What’s In A Memoir?

…I have spent a good deal of time asking myself this question. I believe that anyone’s life could be a memoir; so when should someone write a memoir?

One of my favorite recent reads in (sort of) this genre is A Man’s Search for Meaning by Victor Frankl. It is a hybrid of a memoir and a psychological how to: a guide to surviving life. A combination of personal experience and anecdotes highlight his psychological analysis of how to live a fulfilled life even in the direst of circumstances. His unique qualifications and life events make him the only one who could have written this book, which had sold more than 10 million copies at the time of Frankl’s death in 1997. That’s the dream, for a memoirist, anyway.

While I was growing up, I devoured memoirs, but primarily ones written by survivors on the Vietnam War, the killing fields of Cambodia, and, of course, the Holocaust. Very rarely did I encounter an American memoir. Naturally, my reading list was a reflection of my personal preferences as an upstart young kid; I wanted the most dramatic life stories possible and I wanted to learn about places I would likely never go. But a memoir can be so much more than a statement of the adventures and tragedies of one’s life.

So, what is in a memoir? What can American and other “first world” memoirists contribute to this genre?

For me, a memoir is worth reading when wisdom gained from someone else’s life experiences is shared. How has your unique set of life experiences made you you? What have you figured out about life that no one else seems to notice? What do you wish you had known earlier in life, before those tumultuous events that made you want to go through the cathartic process of writing and sharing in the first place? These precious little bits of wisdom are the best assets you have to offer the reader. They are the reason people read. And they are the reason people read memoirs. People choose to read a memoir about someone battling brain cancer for an entirely different reason than they would read 10 Steps to Kicking Cancer Where it Counts, or 17 Questions to Ask WebMd. A memoir is a conversation shared over a cup of tea on a rainy day. It is a deep relationship formed through the magic of the written word.

Here are the pitfalls to avoid:

Beware of whining. Yes, your life is hard, but once you write it all down in book form and ask others to read it, your life becomes more important than that. Readers get enough teen angst and tragedy in their own lives. Find the deeper significance.

I hate clichés. Any reader who reads with any degree of an analytical eye hates them as well. Clichés are closely related the aforementioned whining, revealing a laziness of thought and lack of personal perspective. Never confess to your reader that you’ve never felt this way before or that you bear the weight of the world upon your shoulders. Or that you wish you could sink into the ground and disappear. All this may be true, but tell us why it’s true. It’s not like we’re following you on Twitter. Or Facebook, which it turns out you can do now.

Humor is essential. No one wants to read a book that will make them cry and only cry. It is a matter of perspective. Those who find a way to laugh in the face of sadness, they are the ones who conquer it. Memoirs should show us the way to laughter. You don’t have to be David Sedaris, but at least allow your readers the will to go on living after reading your memoir.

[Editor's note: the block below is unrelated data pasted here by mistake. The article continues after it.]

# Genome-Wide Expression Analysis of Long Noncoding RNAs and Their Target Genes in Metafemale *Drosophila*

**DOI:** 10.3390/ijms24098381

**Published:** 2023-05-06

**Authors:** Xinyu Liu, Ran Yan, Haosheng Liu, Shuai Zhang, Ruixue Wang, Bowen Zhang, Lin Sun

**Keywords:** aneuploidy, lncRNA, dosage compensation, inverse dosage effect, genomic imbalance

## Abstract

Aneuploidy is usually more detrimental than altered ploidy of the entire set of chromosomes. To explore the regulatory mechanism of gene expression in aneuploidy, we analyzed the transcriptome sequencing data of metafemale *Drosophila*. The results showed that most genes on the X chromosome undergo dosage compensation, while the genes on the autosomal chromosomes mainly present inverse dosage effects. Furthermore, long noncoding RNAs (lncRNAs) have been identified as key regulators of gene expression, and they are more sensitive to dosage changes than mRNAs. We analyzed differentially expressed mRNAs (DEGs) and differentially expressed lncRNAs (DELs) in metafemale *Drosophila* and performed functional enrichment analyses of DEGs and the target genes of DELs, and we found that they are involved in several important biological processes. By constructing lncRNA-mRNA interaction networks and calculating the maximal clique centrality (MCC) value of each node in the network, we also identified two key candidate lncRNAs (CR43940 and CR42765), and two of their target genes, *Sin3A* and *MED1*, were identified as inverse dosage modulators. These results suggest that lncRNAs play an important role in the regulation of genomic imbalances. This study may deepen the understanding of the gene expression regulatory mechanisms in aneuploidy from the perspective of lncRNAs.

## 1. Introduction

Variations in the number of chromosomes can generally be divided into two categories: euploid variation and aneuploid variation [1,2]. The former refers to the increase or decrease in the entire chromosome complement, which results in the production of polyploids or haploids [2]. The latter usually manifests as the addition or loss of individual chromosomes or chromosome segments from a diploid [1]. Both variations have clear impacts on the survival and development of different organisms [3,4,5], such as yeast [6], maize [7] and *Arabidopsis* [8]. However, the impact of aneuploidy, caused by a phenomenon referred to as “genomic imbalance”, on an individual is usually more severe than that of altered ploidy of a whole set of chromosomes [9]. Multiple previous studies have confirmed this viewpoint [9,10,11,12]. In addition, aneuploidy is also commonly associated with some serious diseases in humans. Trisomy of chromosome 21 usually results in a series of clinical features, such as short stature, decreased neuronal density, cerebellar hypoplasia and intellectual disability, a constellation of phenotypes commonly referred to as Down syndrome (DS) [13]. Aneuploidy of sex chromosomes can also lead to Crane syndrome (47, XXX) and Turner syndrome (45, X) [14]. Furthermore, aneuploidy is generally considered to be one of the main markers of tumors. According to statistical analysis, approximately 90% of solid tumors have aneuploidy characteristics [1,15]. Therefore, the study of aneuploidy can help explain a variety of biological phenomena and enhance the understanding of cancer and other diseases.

Don’t elevate yourself to martyr/saint status. Don’t lower yourself to the dregs of society. Admit your well-intentioned (or not so well-intentioned) mistakes. Don’t dwell on them. Your number one credential for writing a memoir is that you are human. It’s something you have in common with your readers.

Go ahead and describe that setting. Add your perspective to the time and place. Inject how you were feeling at the time (and how you currently feel about how you were feeling at the time) into your surroundings. I guarantee they impacted you, even if it was subconscious at the time. Used effectively, these descriptions invite the reader into a dramatization of your experience. Sure, you don’t remember exactly what color the wallpaper was, but you felt puny while you were there. Say it’s puce. Nobody wants to be in a puce-colored room and we can all agree on that. Your reader has officially been included in your experience.

Not everybody who writes a memoir is a writer at heart. Some have just the one book inside of them, bursting to get out. If you are one such person, be extra careful. Your life may be incredible and worth reading about, but that does not excuse you from the basics. Your work must still be well-written and proofread. There is nothing wrong with getting help on these things, but there is something wrong with lacking them. Those memoirs I read as a child where “written” by people who had spent the majority of their lives in non-English speaking countries. But they got their memoirs out there somehow, and those books were major factors in shaping the person I am today.

Many others can and have written more comprehensive guides to writing memoirs. I will leave them to it. I simply want to share aspects of memoirs that raise the standard to one that rivals literary fiction. These steps enhance a memoir, separating an okay piece to one that sticks with the reader for years to come.